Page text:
The Importance of Practicing Self-Care While Your Loved One Is in Treatment


What Exactly Is Self-Care?

Self-care can mean a lot of things. Perhaps the best way to think about self-care is how one takes care of themselves mind, body, and soul. This means taking care of your physical, emotional, and spiritual self. Now, this is especially important after being affected by a loved one’s addiction.

Self-care does not have to look a certain way. In fact, self-care should look different for each individual (hence, “self”). However, when it comes to practicing self-care while your loved one is in treatment, it is important to include self-care that involves healing from the effects of their addiction.

What Does Practicing Self-Care Look Like?

Self-care can be broken down into many parts, but breaking it down into the three previously mentioned may make it the most manageable. Starting with physical self-care, it is important to take care of one’s body as part of a self-care routine. Many people don’t realize that the body holds a lot of the stress one experiences in their life. You can benefit by dealing with that stress via low-impact exercise like yoga, getting plenty of sleep, and eating foods that have the right essential nutrients.

It is also important to take care of yourself emotionally. This is especially true for those who have had their emotions negatively affected over and over again by a loved one’s addiction. Emotional self-care can take the form of therapy, individually, in a group, or as a family. Doing this can help you start to see that you are at no fault for a loved one’s choices and behaviors. By letting others make their own choices, even though it may be hard, you can protect your own sense of peace.

Many people also make a spiritual practice part of their self-care routine. Now, many people confuse spirituality with religion, but the two do not have to be one and the same. A spiritual practice can be wholly individualized, and as long as it is a practice that protects your peace, especially in the face of a loved one’s addiction, then it is the right one for you.

The Importance of Practicing Self-Care While Your Loved One Is in Treatment

It is important to practice self-care while a loved one is in treatment, because when they get home, there may be a rush of new activities that you want to be prepared for. Also, many people who come home from treatment will have their own set of self-care routines established, so it can be helpful to be ready to meet them where they are at.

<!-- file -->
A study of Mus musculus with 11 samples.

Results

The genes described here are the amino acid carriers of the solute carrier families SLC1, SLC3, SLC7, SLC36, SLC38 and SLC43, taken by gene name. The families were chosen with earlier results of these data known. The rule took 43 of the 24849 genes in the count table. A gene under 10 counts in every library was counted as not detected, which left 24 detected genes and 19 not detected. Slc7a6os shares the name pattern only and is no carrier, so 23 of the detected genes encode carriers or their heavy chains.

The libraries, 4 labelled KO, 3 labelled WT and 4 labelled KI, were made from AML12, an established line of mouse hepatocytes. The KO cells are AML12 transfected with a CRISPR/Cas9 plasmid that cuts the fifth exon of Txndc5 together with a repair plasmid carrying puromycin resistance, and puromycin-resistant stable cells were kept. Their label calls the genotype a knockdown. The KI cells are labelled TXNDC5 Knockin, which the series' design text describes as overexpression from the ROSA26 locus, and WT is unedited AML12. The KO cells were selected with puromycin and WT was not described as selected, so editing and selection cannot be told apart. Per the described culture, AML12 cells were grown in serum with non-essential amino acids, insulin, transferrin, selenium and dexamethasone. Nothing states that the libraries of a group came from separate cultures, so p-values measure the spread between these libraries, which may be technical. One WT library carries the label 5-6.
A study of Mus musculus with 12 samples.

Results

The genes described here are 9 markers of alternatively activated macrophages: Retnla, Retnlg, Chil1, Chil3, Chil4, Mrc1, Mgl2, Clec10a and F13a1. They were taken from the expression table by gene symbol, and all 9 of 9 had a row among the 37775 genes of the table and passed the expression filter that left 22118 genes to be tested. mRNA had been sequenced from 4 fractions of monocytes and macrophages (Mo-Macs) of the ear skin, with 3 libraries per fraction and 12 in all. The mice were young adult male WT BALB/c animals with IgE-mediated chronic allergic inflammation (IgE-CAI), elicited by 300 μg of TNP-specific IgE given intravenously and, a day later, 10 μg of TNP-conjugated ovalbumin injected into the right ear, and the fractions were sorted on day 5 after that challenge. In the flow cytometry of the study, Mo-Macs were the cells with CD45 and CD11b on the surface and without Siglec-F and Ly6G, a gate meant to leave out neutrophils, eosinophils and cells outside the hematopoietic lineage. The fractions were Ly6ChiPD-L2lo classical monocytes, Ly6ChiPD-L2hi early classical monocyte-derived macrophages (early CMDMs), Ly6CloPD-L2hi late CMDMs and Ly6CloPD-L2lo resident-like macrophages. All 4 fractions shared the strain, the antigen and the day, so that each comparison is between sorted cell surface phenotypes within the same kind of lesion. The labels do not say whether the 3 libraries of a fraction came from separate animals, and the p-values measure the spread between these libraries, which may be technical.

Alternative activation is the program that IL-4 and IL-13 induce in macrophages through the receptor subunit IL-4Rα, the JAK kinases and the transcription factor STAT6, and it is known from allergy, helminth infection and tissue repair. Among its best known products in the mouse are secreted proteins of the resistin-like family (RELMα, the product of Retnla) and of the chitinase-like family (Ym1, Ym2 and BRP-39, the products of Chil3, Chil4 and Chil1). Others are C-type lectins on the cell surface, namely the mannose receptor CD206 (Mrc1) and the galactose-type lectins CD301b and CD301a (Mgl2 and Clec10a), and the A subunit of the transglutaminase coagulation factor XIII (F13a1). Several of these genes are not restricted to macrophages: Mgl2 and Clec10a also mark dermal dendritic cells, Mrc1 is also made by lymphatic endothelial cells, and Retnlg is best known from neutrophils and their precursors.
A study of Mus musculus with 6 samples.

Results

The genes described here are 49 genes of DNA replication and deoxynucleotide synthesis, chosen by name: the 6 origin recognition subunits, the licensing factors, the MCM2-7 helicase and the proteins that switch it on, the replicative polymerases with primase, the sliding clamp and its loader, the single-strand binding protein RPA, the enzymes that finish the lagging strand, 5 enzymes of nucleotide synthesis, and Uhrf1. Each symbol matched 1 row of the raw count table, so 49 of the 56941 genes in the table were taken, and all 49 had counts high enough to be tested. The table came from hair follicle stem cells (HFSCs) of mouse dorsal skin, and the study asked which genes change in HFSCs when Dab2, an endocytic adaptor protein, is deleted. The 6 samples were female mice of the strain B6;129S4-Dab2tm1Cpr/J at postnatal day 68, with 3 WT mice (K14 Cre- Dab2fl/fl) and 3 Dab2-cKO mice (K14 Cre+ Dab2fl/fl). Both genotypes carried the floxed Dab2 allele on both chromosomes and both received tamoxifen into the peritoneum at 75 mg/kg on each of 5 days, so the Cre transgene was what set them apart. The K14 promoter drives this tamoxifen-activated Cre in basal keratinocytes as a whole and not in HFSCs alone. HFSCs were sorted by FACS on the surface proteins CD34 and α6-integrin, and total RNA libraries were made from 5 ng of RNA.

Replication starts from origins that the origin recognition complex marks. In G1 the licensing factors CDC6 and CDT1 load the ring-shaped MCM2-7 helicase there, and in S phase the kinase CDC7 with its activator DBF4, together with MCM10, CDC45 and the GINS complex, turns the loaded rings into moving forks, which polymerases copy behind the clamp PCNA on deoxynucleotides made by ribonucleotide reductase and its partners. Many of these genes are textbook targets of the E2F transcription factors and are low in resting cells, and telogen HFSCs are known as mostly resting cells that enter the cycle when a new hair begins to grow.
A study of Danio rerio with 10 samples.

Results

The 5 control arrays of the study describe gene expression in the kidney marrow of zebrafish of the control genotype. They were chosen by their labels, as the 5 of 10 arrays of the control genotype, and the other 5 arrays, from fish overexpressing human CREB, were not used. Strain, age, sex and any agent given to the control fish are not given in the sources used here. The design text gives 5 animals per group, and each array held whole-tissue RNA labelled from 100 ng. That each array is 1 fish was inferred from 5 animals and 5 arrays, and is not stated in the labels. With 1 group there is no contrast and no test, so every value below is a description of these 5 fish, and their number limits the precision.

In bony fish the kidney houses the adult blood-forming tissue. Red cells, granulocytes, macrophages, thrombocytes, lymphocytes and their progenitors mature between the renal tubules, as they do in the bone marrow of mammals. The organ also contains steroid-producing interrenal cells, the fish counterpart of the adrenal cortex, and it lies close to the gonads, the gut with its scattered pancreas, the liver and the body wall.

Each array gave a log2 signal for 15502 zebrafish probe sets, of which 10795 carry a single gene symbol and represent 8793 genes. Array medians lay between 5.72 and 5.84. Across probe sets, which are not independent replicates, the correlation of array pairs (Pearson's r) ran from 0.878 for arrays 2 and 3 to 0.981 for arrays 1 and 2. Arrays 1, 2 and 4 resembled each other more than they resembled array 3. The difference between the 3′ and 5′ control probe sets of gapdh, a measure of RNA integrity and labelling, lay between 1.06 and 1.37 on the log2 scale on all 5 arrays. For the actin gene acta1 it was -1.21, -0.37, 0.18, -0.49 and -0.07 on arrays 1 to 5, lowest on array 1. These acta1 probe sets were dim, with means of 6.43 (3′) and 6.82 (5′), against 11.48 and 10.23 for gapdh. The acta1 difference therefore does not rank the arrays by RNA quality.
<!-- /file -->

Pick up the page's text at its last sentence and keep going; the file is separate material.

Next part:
The reality is that there is much more time and peace to practice self-care while a loved one is in treatment, so it should be taken advantage of. Plus, this focus on self-care can also create an environment that makes it much safer for an individual to come home to after treatment, and a safe space can be pivotal in helping a loved one avoid a relapse.

Practicing self-care while a loved one is in treatment also allows more space for oneself to connect to others who have similar experiences. While it may seem counterintuitive, a big part of self-care is connecting to others who are both healthy and helpful. For family members struggling with a loved one’s addiction, this connection may come from recovery support groups such as Al-Anon or Alateen. When a loved one is in treatment, it allows for more time to cultivate these healthy relationships, which can be crucial if any negative issues arise after treatment.

Why We Care for the Whole Family at Lantana Recovery

Yes, addiction is a family disease, and thus it truly needs a “family solution.” Here at Lantana Recovery, we offer that solution. Our goal is not just to heal the individual who is struggling but to heal everyone who has been affected. This is how long-term recovery can truly be achieved.

At Lantana Recovery, we know that everyone must be involved if everyone is going to get the benefits of recovery, which are peace, serenity, and progress. We must always remember that, while it may just be one person in recovery, this must be a We way of life, never a Me way of life.

Self-care is vitally important for individuals who have loved ones away in treatment. It can be a trying time, to say the least. However, there are many opportunities for self-care that can be utilized such as going to individual and family therapy/counseling sessions, creating boundaries, and attending support group meetings such as Al-Anon and Alateen. If you feel like you or a loved one are struggling with addiction, mental illness, or both, we can help get you on the right road to long-term recovery. For more information about the importance of emotional, physical, and spiritual self-care while a loved one is away in treatment, please reach out to Lantana Recovery today at (866) 997-2870.


Charleston South Carolina

Located on the historic peninsula of Charleston, South Carolina, Lantana Recovery takes a modern approach to Substance Use Disorder treatment, offering intensive clinical care while also immersing our clients in local Charleston culture.